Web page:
Keywords:Fault Core, Flow Barrier Effect, Fault Block, Groundwater flow, Geological Disposal
Not a few fault or shear zone have fault core of its center with damaged zone on its both side (Evans et al.1997). There are lots of faults in Japan since it is located at convergent plate boundary. If there is a fault block surrounded by low permeable fault, groundwater cannot easily flow into the fault block from its surroundings, causing a huge drawdown in the block, whilst very small drawdown at the outside of the block. On the other hand, the ground water recovery could be very slow of its recovery phase, causing long duration of unsaturated field.
Previous our study are as follows; a) simple simulation of groundwater drawdown behavior due to a withdrawn of ground water from the shaft, b) distribution characteristics of the fault block in Japan, and c) relationship between the trace length of fault and thickness of the fault core.
As a result, for the a) above, a large difference occurs in drawdown inside and outside of the fault block by simple simulation in the case of 4 orders of magnitude difference in hydraulic conductivity of the host rock and the fault. In particular, seldom drawdown has calculated at the outside of the fault block. For the b) above, the area of the fault block based on the seamless geological map in Japan (AIST) is about 2 % of the entire Japanese area. Moreover, the area of a fractured rock such as pre-Neogene deposit and plutonic rocks is more than 90% for the area of the fault block in Japan (Takeuchi other 2015). In addition, the histogram of the area of the fault block in each district in Japan is almost the same as the area of geological disposal facilities (Takeuchi et al., 2015). For the c), we found out general relationship between the thickness of the fault core and the trace length of the fault based on the existing data. Namely the thickness of the fault core has plateau as about 20cm against the trace length of few hundred meters or more (Takeuchi et al., 1995). In this study, we analyzed drawdown behavior inside and outside the fault block by changing the hydraulic conductivity and thickness of the fault, respectively.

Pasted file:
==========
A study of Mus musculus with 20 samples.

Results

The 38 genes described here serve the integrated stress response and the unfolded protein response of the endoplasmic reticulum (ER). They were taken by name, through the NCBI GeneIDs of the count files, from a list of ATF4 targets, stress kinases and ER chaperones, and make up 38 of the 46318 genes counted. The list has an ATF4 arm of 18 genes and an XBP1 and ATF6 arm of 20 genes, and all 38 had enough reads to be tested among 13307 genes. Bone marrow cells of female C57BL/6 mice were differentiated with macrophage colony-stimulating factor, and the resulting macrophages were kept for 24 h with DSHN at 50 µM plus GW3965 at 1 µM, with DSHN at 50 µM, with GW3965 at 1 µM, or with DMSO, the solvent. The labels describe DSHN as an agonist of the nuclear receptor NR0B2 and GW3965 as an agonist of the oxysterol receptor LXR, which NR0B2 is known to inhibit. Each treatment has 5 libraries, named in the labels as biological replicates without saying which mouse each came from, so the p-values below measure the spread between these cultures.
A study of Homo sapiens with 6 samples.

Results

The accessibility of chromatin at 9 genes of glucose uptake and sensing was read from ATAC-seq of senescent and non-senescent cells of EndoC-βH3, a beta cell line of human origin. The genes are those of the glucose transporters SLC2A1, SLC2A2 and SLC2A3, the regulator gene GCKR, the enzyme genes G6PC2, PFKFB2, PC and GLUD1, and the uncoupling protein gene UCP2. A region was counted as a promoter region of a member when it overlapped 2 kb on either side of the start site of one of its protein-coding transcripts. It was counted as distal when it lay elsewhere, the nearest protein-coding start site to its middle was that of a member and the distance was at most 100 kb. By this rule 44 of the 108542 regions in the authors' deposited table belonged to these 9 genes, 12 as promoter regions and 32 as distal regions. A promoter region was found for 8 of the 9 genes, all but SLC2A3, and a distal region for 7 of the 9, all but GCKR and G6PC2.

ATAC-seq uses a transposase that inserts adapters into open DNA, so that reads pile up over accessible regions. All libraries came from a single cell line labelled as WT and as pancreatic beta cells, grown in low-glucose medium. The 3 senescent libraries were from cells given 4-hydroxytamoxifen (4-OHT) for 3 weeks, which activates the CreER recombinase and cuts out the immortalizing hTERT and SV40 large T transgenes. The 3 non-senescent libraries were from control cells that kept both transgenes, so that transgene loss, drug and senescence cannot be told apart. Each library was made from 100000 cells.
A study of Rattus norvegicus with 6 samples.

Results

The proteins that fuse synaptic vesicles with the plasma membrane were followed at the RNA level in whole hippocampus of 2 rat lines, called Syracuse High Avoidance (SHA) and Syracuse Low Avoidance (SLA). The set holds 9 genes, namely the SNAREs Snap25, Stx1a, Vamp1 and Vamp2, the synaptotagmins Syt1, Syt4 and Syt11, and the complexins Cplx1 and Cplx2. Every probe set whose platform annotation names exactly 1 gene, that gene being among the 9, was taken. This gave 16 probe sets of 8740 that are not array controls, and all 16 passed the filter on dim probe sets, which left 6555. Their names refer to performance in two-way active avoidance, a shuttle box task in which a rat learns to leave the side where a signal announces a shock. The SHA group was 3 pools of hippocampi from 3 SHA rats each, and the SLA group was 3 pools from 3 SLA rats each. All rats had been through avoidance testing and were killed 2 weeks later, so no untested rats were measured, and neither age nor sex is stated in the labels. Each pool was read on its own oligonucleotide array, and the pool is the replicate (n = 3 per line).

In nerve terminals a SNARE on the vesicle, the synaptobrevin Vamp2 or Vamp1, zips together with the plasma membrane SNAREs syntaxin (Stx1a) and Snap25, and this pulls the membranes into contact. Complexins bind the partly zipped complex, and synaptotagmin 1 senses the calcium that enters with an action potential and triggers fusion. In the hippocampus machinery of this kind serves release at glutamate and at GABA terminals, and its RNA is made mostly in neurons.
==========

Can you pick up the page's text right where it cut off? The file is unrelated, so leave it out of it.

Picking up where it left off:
In the case of the hydraulic conductivity is 1E-10 (m/s), the drawdown is uniformly about 155m from the ground level for the 50m in fault thickness, and about 250m for the 80 and 100m, respectively. In the case of the hydraulic conductivity is 1E-11 (m/s), the drawdown is uniformly about 355m for each thickness of the fault. Moreover, in the case of the hydraulic conductivity is 1E-12 (m/s), the drawdown is uniformly about 355m for the 50 and 80m, and about 455m for the 100m. In any case, the obvious drawdown was not observed at outside of the fault block.
The simulation has revealed that the drawdown behavior inside the fault block could vary with the hydraulic conductivity of the fault and its thickness. Moreover, it has been suggested that the ground water level could be deeper than the shaft depth in some cases. In the future, it should be simulated the ground water behavior in the recovery phase and fault property such as hydraulic conductivity of the fault core for the major fault in the field.